Compare any two graphics cards:
Radeon RX 6800 XT vs Radeon RX Vega 64
IntroThe Radeon RX 6800 XT has a GPU core speed of 1825 MHz, and the 16384 MB of GDDR6 RAM runs at 2000 MHz through a 256-bit bus. It also is comprised of 4608 Stream Processors, 288 TAUs, and 128 Raster Operation Units.
Compare that to the Radeon RX Vega 64, which has GPU clock speed of 1247 MHz, and 8192 MB of HBM2 memory set to run at 1890 MHz through a 2048-bit bus. It also is comprised of 4096 SPUs, 256 Texture Address Units, and 64 ROPs.
Power Usage and Theoretical Benchmarks
Power Consumption (Max TDP)
Theoretically speaking, the Radeon RX 6800 XT should be 6% faster than the Radeon RX Vega 64 in general, because of its higher data rate. (explain)
Texel RateThe Radeon RX 6800 XT should be a lot (more or less 65%) faster with regards to AF than the Radeon RX Vega 64. (explain)
Pixel RateIf using lots of anti-aliasing is important to you, then the Radeon RX 6800 XT is a better choice, by far. (explain)
Please note that the above 'benchmarks' are all just theoretical - the results were calculated based on the card's specifications, and real-world performance may (and probably will) vary at least a bit.
Please note that the price comparisons are based on search keywords - sometimes it might show cards with very similar names that are not exactly the same as the one chosen in the comparison. We do try to filter out the wrong results as best we can, though.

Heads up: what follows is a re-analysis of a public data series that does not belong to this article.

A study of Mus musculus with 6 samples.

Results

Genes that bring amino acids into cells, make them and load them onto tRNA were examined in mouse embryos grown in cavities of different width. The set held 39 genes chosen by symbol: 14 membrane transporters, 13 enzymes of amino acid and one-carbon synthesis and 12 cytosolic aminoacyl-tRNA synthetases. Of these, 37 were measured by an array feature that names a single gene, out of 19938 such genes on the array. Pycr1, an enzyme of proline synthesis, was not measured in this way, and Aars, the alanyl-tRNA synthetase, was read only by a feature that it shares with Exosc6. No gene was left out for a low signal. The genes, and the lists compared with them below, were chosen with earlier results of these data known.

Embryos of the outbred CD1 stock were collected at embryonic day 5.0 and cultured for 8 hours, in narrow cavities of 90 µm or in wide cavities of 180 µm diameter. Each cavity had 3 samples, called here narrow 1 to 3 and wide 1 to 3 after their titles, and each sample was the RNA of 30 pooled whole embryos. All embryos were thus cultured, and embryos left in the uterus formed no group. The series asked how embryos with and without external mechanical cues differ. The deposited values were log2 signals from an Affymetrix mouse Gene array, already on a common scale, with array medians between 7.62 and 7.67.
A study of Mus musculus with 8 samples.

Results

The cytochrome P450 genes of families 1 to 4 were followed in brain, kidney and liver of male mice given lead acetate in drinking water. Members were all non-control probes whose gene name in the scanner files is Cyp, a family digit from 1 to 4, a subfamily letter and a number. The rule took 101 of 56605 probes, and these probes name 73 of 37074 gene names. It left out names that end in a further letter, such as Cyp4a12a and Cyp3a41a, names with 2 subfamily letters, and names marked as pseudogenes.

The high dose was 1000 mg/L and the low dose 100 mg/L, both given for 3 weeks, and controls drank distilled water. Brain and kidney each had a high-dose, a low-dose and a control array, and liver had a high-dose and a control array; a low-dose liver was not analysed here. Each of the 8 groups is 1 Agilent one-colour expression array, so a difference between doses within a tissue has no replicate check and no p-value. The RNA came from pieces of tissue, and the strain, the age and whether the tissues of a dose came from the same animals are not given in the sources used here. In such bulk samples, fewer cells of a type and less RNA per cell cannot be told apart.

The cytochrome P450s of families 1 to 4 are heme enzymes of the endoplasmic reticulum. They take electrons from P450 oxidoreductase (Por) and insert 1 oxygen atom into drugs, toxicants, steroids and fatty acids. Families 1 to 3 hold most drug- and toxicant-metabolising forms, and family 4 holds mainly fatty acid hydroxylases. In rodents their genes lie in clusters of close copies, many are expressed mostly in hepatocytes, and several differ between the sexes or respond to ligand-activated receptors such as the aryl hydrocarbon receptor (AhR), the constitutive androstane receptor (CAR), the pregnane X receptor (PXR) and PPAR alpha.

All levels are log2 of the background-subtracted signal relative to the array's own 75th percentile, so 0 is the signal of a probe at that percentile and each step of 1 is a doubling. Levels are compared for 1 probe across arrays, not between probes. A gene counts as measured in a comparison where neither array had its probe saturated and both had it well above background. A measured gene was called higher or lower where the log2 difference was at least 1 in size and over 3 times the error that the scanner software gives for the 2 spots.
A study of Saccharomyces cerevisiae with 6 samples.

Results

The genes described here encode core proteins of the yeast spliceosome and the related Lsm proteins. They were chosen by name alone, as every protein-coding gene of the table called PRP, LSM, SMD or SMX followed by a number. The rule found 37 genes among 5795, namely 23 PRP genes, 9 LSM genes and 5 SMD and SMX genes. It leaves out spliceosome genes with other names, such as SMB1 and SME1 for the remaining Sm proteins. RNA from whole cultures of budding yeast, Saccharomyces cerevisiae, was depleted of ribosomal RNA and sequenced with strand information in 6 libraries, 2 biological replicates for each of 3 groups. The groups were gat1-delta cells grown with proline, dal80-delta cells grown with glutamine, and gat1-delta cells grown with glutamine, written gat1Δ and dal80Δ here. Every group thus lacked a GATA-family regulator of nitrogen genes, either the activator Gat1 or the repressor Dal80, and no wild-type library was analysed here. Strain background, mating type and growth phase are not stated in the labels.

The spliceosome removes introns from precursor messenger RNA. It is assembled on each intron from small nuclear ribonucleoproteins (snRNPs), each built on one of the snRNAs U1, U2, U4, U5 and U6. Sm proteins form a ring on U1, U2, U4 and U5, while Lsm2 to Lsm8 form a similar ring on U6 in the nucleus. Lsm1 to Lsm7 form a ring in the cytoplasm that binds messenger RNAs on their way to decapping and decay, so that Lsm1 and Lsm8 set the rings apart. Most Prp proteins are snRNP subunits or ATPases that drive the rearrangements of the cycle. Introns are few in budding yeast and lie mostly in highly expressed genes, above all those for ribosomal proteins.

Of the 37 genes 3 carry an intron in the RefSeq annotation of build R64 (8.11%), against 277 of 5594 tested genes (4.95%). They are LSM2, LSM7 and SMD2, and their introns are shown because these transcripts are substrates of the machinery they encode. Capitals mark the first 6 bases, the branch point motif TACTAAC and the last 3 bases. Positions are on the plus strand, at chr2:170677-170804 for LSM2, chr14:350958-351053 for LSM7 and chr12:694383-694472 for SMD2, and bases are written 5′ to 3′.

Memory Bandwidth: Memory bandwidth is the maximum amount of information (in units of megabytes per second) that can be transferred past the external memory interface in one second. It is calculated by multiplying the card's interface width by its memory speed. If it uses DDR RAM, the result should be multiplied by 2 once again. If it uses DDR5, multiply by 4 instead. The higher the bandwidth is, the faster the card will be in general. It especially helps with anti-aliasing, High Dynamic Range and high resolutions.
Texel Rate: Texel rate is the maximum number of texture map elements (texels) that are applied in one second. This is worked out by multiplying the total texture units by the core clock speed of the chip. The higher this number, the better the graphics card will be at handling texture filtering (anisotropic filtering - AF). It is measured in millions of texels per second.
Pixel Rate: Pixel rate is the maximum amount of pixels that the graphics card could possibly record to the local memory per second - measured in millions of pixels per second. Pixel rate is worked out by multiplying the amount of colour ROPs by the the card's clock speed. ROPs (Raster Operations Pipelines - sometimes also referred to as Render Output Units) are responsible for drawing the pixels (image) on the screen. The actual pixel rate also depends on lots of other factors, most notably the memory bandwidth - the lower the bandwidth is, the lower the potential to reach the maximum fill rate.